I listened to Boris at the press briefing on Tuesday 4 January with two very conflicting thoughts in my head. The 1st was that this version of lockdown is necessary, albeit difficult, frustrating and tough. The 2nd was, “Please don’t close the schools! Please don’t close the schools!”
And then he closed the schools.
Now, both my husband and I are keyworkers but last lockdown our children were homeschooled – and I know how the lockdown-homeschool maths…
Let’s estimate 7 hours at school (now homeschool), 7 hours of parenting around school times, 8 hours (at least) of your own work (if you’re working), say 2 hours of home stuff like cooking, cleaning and eating, 1 hour for a walk outside and 8 hours of sleep – and we are at 33 hours in a 24-hour day before you have even gone to the toilet to do a pee, never mind anything else!
Yet this is the situation we find ourselves in again, at least until February half-term – quite possibly longer. And although, yes, the end is in sight with a vaccine, there is still a way to go.
So, if your kids are now doing school from home, you need to find a way to manage. And here’s what I’d suggest:
- Prioritise your absolute non-negotiables. If you’re working and you have an important meeting or if you absolutely need to workout to protect your mental health, then prioritise that – even if it means the kids workout with you or they have some downtime in front of the TV while you have your meeting.
- Think about how much supervision is required for each school activity. For example, it may be that a particular activity can be set up by you but your child can sit next to you while you do your work and they do theirs. There have been many occasions when I have had a child sitting on the floor next to me while I write articles, or even when I am on TV!
- Don’t underestimate play. Not all learning is of the ‘reading, writing and rithmetic’ genre: young children learn through play, too. So, 30mins of making things out of playdough is 30mins of fine motor control practice that’ll help with writing and forming letters; doing jigsaw puzzles or Lego develops spatial awareness and maths skills; playing board or card games involves counting, turn taking and other social skills (including learning how to lose); going out for a long walk and jumping/hopping/skipping/balancing on walls will further develop gross motor skills. It is all learning; it all counts.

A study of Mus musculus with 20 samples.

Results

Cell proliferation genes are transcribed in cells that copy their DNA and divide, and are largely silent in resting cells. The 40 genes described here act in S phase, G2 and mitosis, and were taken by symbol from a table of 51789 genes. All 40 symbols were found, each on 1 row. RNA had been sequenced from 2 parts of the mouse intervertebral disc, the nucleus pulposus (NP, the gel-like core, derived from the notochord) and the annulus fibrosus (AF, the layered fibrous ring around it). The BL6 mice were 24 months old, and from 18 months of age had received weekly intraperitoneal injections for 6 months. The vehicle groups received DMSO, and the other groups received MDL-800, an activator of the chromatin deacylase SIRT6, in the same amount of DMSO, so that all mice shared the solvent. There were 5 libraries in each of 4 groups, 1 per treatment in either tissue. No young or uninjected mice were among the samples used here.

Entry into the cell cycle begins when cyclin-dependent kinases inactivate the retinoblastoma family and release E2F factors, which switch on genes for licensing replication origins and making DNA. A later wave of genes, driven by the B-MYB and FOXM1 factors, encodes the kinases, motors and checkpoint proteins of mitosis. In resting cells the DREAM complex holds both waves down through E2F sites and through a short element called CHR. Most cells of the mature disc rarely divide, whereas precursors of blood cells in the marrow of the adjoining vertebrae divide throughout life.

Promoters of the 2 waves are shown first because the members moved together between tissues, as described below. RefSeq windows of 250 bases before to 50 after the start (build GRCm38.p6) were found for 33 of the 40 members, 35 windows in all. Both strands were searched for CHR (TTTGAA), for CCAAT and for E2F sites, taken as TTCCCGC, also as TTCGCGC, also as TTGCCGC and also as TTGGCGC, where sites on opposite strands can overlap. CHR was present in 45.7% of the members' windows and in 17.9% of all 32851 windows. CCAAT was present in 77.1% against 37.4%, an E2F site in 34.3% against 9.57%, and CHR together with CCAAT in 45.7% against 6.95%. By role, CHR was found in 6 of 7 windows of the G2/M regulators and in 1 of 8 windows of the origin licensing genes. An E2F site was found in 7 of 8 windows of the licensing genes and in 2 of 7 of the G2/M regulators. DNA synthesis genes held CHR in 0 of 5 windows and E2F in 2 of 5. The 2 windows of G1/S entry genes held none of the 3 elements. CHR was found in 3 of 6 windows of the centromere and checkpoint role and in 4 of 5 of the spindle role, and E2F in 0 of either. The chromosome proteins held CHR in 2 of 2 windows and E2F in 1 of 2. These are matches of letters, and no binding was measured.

- Know that helping round the house is learning too. If your child comes out of this lockdown being able to pair up socks from the washing machine (fine motor control and life skills), chop veggies for dinner (life skills, safety knowledge and fine motor control) or change their bed sheets (gross motor control and life skills, then they have learnt something extremely valuable. Some of their activities may seem like play but actually have a really significant amount of learning attached…
- Boredom is OK. If your children have to amuse themselves for a bit, that’s alright. Boredom is sometimes the maker of invention, allowing your child’s imagination to come alive.
- Make an activities timetable. Most children will really benefit from a timetable, be that something with times or a more visual choice board of activities. It can be as simple as a range of activities they can choose from in a day, which may include schoolwork or a more formal schedule.
- Fill up a ‘Bored Jar’. Fill an old jam jar with ideas of activities your children can do on their own when you are busy and they are bored. I tipped out our jar to write this article: it is full of pieces of paper with activities on such as ‘throw and catch a ball 20 times outside’, ‘100 bounces on the trampoline’, ‘do a jigsaw puzzle’, ‘spend time with a sticker book’, ‘make up a song or dance and record it’, ‘ learn a poem’ (older child!), and many more. Sit down and ask your children to write the activities on the pieces of paper – you may be surprised with their choices and how many there are!
You can’t do it all, there aren’t the hours in the day to do it, but importantly you don’t NEED to do it all. Schools are better set up to provide online learning than they were last year, having already had a go at it last year and may well be able to provide help. Teachers are adept at identifying gaps and will help your children when they go back to school.
At home with you, your children will be learning, be it via schoolwork or play. This is an incredibly stressful time for all of us. So look after each other, look after yourself. You’ve got this.
About our expert, Dr Philippa Kaye
Dr Philippa Kaye works as a GP in both NHS and private practice. She attended Downing College, Cambridge, then took medical studies at Guy’s, King’s and St Thomas’s medical schools in London, training in paediatrics, gynaecology, care of the elderly, acute medicine, psychiatry and general practice. Dr Philippa has also written a number of books, including ones on child health, diabetes in childhood and adolescence. She is a mum of 3.